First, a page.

Detailed information has now been provided by the government on the job retention scheme, to support employers and employees during the current crisis and ensure as many individuals as possible retain their jobs. Full guidance is published on the government website – https://www.gov.uk/guidance/claim-for-wage-costs-through-the-coronavirus-job-retention-scheme
Key points to note are that:
- If you would like to furlough a member of the team they must have been on your payroll as at 28 February 2020, those on agency and zero contracts are included.
- Individuals made redundant after 28 February can be rehired and then furloughed to preserve their job.
- You need to write to your employees to advise that they have been furloughed, include the exact date and stipulate that they are unable to work at all during that period.
- If you have a lay off clause within your employment contract this should be exercised and no consultation or notice period will be required (dependant on how that clause is drafted).
- Where you have no contractual right to lay off or amend pay – this will become a change in the terms and conditions. As such you will be required to agree a variation of contract, in theory to implement this you could undertake a dismissal and re engagement process with consultation, however, this is unrealistic given the timescales involved. If you are dealing with in excess of 20 employees there is an argument that you should be conducting a collective consultation process – we would highly recommend that you discuss this with an employment lawyer to see how this process can be simplified.
- Under this scheme it is stated that employers must pay 80% of wages to the furloughed members of the team, which can then be claimed back from HMRC. Technically, unless you have a specific lay of clause, as an employer you are still liable to pay the 20% unless you have a specific agreement to the contrary with the employee. It is therefore vital that any letters send to employees seek specific written acknowledgement and acceptance of these terms.
- The grant to be repaid to you will include the lower of 80% of wages or £2,500 PLUS Employers NIC and minimum pension contributions.
- The rebate will be based on the employee’s actual salary before tax, as of 28 February 2020. Fees, commission and bonuses should not be included.
- For employees with irregular working hours the reference pay is the higher of average pay for the tax year or the same pay as that received in the prior year.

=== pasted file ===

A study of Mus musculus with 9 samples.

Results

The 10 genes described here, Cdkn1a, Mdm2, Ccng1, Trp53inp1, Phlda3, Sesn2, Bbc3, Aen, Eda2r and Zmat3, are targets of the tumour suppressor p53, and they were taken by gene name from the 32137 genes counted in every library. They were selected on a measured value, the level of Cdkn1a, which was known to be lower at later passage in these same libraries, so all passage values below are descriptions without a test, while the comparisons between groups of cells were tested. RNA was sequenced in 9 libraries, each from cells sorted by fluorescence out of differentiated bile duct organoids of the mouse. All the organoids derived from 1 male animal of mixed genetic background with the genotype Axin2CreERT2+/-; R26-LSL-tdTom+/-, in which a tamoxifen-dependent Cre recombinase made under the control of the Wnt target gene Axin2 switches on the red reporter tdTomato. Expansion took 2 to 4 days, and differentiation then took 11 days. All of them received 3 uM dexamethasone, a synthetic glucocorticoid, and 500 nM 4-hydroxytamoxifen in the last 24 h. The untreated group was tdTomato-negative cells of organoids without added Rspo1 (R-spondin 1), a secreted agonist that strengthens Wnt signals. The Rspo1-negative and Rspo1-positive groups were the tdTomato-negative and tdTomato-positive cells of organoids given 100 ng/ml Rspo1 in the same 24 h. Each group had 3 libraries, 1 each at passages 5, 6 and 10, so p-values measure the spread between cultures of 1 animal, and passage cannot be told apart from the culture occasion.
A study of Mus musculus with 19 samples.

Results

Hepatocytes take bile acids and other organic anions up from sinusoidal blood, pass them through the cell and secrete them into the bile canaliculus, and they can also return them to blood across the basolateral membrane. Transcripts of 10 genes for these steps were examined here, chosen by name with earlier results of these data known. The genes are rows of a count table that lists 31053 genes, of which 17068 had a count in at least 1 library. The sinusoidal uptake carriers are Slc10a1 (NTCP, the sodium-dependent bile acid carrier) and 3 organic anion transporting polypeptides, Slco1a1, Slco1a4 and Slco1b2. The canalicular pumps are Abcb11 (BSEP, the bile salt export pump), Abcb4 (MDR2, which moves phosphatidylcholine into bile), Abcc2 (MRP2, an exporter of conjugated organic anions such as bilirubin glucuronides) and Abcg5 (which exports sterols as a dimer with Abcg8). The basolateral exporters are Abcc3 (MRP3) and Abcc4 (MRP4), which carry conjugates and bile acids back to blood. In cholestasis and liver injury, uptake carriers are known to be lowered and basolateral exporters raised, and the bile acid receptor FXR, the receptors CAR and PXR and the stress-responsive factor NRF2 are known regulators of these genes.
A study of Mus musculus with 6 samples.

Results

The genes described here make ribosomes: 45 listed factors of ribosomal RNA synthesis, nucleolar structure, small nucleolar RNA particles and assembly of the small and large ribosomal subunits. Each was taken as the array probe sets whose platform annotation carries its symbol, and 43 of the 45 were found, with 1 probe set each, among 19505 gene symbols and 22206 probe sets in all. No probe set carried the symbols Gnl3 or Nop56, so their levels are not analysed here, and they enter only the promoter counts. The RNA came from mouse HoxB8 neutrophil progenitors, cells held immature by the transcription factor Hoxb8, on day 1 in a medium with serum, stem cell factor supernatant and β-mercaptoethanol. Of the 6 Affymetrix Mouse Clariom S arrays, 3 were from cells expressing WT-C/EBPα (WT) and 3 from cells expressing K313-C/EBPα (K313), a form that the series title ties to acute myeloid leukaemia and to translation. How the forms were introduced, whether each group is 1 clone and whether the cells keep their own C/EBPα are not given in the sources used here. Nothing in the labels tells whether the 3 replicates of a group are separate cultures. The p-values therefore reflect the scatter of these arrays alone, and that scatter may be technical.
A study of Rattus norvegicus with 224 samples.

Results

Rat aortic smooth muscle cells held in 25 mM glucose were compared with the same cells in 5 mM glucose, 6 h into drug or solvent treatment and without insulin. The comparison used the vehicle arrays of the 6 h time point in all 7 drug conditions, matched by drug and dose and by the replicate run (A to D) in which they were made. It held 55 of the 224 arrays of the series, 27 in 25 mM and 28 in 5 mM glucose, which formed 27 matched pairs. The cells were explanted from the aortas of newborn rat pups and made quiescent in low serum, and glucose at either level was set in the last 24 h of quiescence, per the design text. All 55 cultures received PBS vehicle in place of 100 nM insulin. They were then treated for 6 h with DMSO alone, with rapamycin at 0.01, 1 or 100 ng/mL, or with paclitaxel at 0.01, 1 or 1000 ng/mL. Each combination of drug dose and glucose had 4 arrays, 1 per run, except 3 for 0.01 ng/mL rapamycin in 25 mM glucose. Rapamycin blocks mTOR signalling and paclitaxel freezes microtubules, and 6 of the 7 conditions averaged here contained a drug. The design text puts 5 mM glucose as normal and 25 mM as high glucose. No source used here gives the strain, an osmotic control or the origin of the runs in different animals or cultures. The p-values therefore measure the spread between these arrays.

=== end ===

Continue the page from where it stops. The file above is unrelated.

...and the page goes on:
You do not have to furlough your entire workforce and you can retain some on their current basis if you have work available. However If you wish to furlough members of your team you must now:
- Designate which employees will be furloughed and notify them of this change and when it is effective from.
- Submit information to HMRC about which team members are furloughed via a new online portal. This is expected to be up and running by the end of April.
Self Employment income support scheme:
The chancellor has also announced the preliminary details of a scheme to assist self-employed individuals. The scheme is called the Coronavirus Self-employment Income Support Scheme (CSEISS) and may apply if you have suffered a loss in income due to the current crisis.
A taxable grant will be paid to the self-employed or individuals in partnerships, worth 80% of profits up to a cap of £2,500 per month. Initially, this will be available for three months in one lump-sum payment and will start to be paid from the beginning of June. You cannot apply for this scheme and HMRC will contact you if you are eligible for the scheme and invite you to apply online. Please bear in mind here that there are various scams doing the rounds so never give any personal information out to anyone over the phone.
To be eligible under this scheme you must have:
- have submitted your Income Tax Self-Assessment tax return for the tax year 2018-19
- traded in the tax year 2019-20
- are trading when you apply, or would be except for COVID-19
- intend to continue to trade in the tax year 2020-21
- have lost trading/partnership trading profits due to COVID-19
Your self-employed trading profits must also be less than £50,000 and more than half of your income comes from self-employment. This is determined by at least one of the following conditions being true:
- having trading profits/partnership trading profits in 2018-19 of less than £50,000 and these profits constitute more than half of your total taxable income
- having average trading profits in 2016-17, 2017-18, and 2018-19 of less than £50,000 and these profits constitute more than half of your average taxable income in the same period
If you started trading between 2016-19, HMRC will only use those years for which you filed a Self-Assessment tax return. There some individuals who have not yet submitted their 2018-19 Self-Assessment tax return and to qualify they now have until the 23 April 2020 to do so.
Please also remember that if you are self-employed you will not be required to pay the July 2020 tax payment as this will be deferred until January 2021.
If you have any queries regarding either of the above schemes or any of the other support available contact the team at Wells.